State Constitutions


US History The U.S. Constitution State Constitutions
Students learn about the state constitutions that established the individual state governments in existence at the end of the Revolutionary War. They'll learn why these constitutions were written, common aspects among the constitutions, and important differences among them.


In this experience, students learn about the state constitutions that established the individual state governments in existence at the end of the Revolutionary War. They’ll learn why these constitutions were written, common aspects among the constitutions, and important differences among them.

Objectives:

  • Explain why state governments wrote constitutions.
  • Describe similarities and differences among the constitutions.


With the signing of the Treaty of Paris in 1783, the Americans finally won their independence from Great Britain. One of the biggest issues they faced was how to govern themselves. The United States already had forms of government in place: every state had its own constitution and governing bodies. And during the war, delegates from every state had signed the Articles of Confederation setting up a central government.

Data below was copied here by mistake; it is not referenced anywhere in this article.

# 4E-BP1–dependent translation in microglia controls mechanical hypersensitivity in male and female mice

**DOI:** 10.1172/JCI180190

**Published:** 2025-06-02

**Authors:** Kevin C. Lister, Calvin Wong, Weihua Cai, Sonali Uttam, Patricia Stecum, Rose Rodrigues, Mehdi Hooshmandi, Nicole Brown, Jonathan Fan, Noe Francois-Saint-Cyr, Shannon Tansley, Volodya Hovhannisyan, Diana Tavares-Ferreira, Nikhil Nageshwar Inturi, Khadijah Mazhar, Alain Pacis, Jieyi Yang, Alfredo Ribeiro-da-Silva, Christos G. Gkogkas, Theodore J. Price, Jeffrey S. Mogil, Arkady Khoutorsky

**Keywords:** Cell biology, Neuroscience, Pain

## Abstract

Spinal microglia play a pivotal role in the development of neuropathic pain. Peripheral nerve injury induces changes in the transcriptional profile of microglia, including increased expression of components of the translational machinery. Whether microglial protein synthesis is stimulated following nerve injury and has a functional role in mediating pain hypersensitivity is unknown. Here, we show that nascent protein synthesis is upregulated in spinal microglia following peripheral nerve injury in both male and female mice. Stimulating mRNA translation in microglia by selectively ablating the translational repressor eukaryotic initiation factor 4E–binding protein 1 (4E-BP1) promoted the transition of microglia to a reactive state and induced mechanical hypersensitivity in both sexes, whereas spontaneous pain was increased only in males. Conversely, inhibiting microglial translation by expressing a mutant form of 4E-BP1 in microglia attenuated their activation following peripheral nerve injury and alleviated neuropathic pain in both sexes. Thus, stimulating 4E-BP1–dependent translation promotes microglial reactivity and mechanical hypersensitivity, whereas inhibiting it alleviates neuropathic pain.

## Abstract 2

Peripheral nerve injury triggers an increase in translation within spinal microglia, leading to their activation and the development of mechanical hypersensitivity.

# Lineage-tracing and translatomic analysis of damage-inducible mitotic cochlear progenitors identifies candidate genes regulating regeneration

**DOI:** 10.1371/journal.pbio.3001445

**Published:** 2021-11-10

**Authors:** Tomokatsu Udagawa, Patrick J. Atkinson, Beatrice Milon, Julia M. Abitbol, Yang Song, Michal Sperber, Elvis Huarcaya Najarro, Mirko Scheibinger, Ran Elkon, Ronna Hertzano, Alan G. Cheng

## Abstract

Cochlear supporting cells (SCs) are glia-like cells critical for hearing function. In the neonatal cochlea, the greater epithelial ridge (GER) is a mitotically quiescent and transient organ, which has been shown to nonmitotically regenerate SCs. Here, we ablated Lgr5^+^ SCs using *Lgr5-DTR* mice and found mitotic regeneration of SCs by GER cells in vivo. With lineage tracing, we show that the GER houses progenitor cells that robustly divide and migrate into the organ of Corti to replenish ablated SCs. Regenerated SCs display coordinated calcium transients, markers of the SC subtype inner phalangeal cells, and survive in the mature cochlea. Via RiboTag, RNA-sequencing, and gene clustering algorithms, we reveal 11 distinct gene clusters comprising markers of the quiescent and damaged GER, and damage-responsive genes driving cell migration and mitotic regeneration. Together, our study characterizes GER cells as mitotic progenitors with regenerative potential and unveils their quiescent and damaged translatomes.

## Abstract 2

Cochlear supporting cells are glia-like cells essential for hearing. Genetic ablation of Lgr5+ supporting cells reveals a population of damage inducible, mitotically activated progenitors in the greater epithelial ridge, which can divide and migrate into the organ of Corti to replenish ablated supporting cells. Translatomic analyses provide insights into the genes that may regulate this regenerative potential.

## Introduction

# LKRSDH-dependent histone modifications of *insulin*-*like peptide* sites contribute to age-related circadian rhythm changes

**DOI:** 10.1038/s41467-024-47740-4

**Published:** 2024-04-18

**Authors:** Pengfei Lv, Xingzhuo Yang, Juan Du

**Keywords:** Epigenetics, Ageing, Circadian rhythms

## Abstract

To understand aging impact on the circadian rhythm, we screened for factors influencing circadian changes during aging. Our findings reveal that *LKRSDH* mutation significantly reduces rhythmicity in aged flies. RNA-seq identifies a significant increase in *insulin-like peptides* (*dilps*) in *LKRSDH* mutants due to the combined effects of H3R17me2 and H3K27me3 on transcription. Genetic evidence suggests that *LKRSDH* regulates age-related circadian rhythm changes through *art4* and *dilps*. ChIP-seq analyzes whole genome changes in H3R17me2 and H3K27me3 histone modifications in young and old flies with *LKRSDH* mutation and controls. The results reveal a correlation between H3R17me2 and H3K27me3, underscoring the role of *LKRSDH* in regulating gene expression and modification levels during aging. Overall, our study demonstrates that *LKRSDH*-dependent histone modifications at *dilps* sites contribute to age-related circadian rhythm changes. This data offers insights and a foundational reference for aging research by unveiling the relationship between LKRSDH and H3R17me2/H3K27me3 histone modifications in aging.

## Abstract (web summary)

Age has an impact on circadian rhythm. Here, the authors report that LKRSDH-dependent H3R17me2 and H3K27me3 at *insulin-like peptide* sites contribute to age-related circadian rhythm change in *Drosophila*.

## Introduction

Objectives:

  • Explain why state governments wrote constitutions.
  • Describe similarities and differences among the constitutions.




States that had ratified the U.S. Constitution by the end of 1789


Which level of government do you think had the most power at the end of the Revolutionary War?

A) Federal (national)
B) State

Which level of government do you think has the most power today?

A) Federal (national)
B) State

Tell students that states had significantly more power than the federal government after the war. They may be surprised to hear this since today, the federal government has more power.